I derived this recipe from David Fankhauser: Making Ginger Ale at Home and the ginger bug in Katz, Sandor Ellix: Wild Fermentation. The Flavor, Nutrition, and Craft of Live-Culture Foods (Chelsea Green Publishing, 2003).

  • I replace the yeast used in the former with the latter, so that I get a wild starter.

  • I put in more sugar and ferment for several weeks, aiming for an alcohol content of around 5 % by volume. The detailed calculation is left as an exercise to the reader.

Ingredients for three 2 liter bottles

  • ca. 800 ml ginger bug (half that should also be fine)
  • 7 tbsp grated fresh ginger
  • 1 l cane sugar (900 g?)


  1. Distribute the ingredients evenly on the three bottles (water helps) and fill up with cold water, leaving about 5 cm of headspace.
  2. Screw the caps on the bottles and do some inverting to aid the sugar in dissolving.
  3. Put the bottles in a not too cold place. After a day or two they should be quite hard. Carefully loosen the lid, so that gas comes out, but still maintain some pressure.
  4. Every few days, tighten the lid, invert the bottles and loosen the lid again.
  5. After some time (probably at least two weeks), screw the lid tight and let ferment until the bottles are quite hard. Put them in the fridge.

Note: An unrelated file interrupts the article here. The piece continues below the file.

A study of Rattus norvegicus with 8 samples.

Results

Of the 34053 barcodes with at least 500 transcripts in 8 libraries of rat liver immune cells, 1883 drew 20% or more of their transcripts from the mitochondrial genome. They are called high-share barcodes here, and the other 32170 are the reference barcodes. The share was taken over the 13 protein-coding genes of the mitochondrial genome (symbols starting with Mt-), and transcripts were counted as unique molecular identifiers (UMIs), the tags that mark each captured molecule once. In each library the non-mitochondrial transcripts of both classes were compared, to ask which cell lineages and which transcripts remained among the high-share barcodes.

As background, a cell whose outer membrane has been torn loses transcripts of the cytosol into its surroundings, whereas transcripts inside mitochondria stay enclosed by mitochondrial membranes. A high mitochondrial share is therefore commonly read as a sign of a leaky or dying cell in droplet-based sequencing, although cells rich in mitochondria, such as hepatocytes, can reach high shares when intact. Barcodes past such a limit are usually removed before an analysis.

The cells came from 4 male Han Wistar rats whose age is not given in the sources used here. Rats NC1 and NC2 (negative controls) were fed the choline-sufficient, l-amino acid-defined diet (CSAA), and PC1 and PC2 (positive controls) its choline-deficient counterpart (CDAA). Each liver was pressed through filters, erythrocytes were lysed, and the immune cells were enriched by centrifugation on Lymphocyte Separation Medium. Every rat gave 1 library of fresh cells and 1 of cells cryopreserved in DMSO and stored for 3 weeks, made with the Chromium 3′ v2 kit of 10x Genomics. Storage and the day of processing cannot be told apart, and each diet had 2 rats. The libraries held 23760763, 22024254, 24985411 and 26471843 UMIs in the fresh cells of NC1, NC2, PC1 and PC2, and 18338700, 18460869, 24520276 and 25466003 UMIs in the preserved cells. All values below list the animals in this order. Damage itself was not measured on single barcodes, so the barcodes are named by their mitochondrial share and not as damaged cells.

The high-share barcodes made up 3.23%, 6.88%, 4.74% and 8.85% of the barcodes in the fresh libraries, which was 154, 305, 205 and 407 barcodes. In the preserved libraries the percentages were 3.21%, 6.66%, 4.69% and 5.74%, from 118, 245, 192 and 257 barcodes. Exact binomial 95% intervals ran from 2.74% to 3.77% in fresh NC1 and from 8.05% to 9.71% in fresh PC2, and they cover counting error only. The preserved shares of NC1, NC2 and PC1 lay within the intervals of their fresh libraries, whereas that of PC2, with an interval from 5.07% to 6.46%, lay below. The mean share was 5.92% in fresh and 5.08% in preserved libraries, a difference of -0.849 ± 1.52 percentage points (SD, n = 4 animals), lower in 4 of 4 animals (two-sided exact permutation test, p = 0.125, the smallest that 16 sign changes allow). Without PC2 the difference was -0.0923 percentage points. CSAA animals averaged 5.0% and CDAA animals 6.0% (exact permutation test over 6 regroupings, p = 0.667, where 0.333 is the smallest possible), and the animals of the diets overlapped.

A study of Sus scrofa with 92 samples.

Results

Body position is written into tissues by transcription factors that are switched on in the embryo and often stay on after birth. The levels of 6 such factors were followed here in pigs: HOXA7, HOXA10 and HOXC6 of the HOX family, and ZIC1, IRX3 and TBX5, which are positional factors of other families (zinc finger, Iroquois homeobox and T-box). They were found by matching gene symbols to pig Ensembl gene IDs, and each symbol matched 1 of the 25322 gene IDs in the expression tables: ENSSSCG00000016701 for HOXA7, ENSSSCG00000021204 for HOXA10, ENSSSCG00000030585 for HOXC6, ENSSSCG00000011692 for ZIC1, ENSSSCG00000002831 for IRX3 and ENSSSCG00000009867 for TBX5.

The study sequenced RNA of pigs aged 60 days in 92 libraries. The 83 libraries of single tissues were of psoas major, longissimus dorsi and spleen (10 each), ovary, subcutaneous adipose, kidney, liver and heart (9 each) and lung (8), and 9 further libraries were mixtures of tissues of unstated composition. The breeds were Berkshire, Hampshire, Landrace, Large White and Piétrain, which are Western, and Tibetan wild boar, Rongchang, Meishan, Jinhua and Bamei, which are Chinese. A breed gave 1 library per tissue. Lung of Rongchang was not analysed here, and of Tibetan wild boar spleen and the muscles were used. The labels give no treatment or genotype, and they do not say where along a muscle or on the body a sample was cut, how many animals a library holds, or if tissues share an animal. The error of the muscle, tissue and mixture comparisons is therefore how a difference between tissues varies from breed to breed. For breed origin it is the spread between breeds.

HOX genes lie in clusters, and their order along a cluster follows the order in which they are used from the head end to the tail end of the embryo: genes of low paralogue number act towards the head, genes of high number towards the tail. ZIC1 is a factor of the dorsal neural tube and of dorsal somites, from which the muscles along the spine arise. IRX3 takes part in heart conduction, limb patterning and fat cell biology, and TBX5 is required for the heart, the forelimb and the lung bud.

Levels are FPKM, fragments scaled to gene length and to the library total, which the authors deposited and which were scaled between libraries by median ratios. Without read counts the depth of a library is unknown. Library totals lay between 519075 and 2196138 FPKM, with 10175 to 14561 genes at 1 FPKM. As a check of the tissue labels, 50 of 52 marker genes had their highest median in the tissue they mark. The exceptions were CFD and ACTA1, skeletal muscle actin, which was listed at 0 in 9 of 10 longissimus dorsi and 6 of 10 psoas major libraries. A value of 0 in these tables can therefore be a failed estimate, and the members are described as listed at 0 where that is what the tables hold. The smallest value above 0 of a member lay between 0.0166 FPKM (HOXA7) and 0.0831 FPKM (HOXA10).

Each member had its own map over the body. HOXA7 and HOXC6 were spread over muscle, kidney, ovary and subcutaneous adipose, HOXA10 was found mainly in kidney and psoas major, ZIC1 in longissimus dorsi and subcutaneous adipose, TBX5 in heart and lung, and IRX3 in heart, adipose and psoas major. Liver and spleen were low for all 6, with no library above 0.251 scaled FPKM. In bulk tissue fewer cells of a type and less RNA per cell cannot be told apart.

6. Once they are properly cooled, the beer is ready for consumption. Be careful with opening.


  • It might be a good idea to use bottles which contained something sparkling before. Others might not be built to withstand high pressure.
  • In the winter months I found it quite useful to put the bottles on top of a radiator. – Cozy warmth speeds up the fermentation, but is by no means necessary. It would be a sin to turn on extra heating just to make this ginger beer.
  • If during the final fermentation not enough pressure is generated, you might add a teaspoon of sugar to each bottle and ferment for some more days.
  • When mixing the ginger-sugar-ginger bug mixture in the beginning, it might not be a good idea trying to dissolve all the sugar in the ginger bug. The osmotic pressure would kill the yeast.
  • I can't give a good total fermentation time, because it is very dependent on the environment and the mode of letting out gas. A carboy with airlock would probably be fastest.

Notes on the last batch

  • Started the last batch at 2014-02-28. Still fermenting.
  • Ginger bug had nearly died because of too much sugar. Saved it by halving and filling up with water.
  • Non-carbonated water bottles from Bilka are not so well-suited.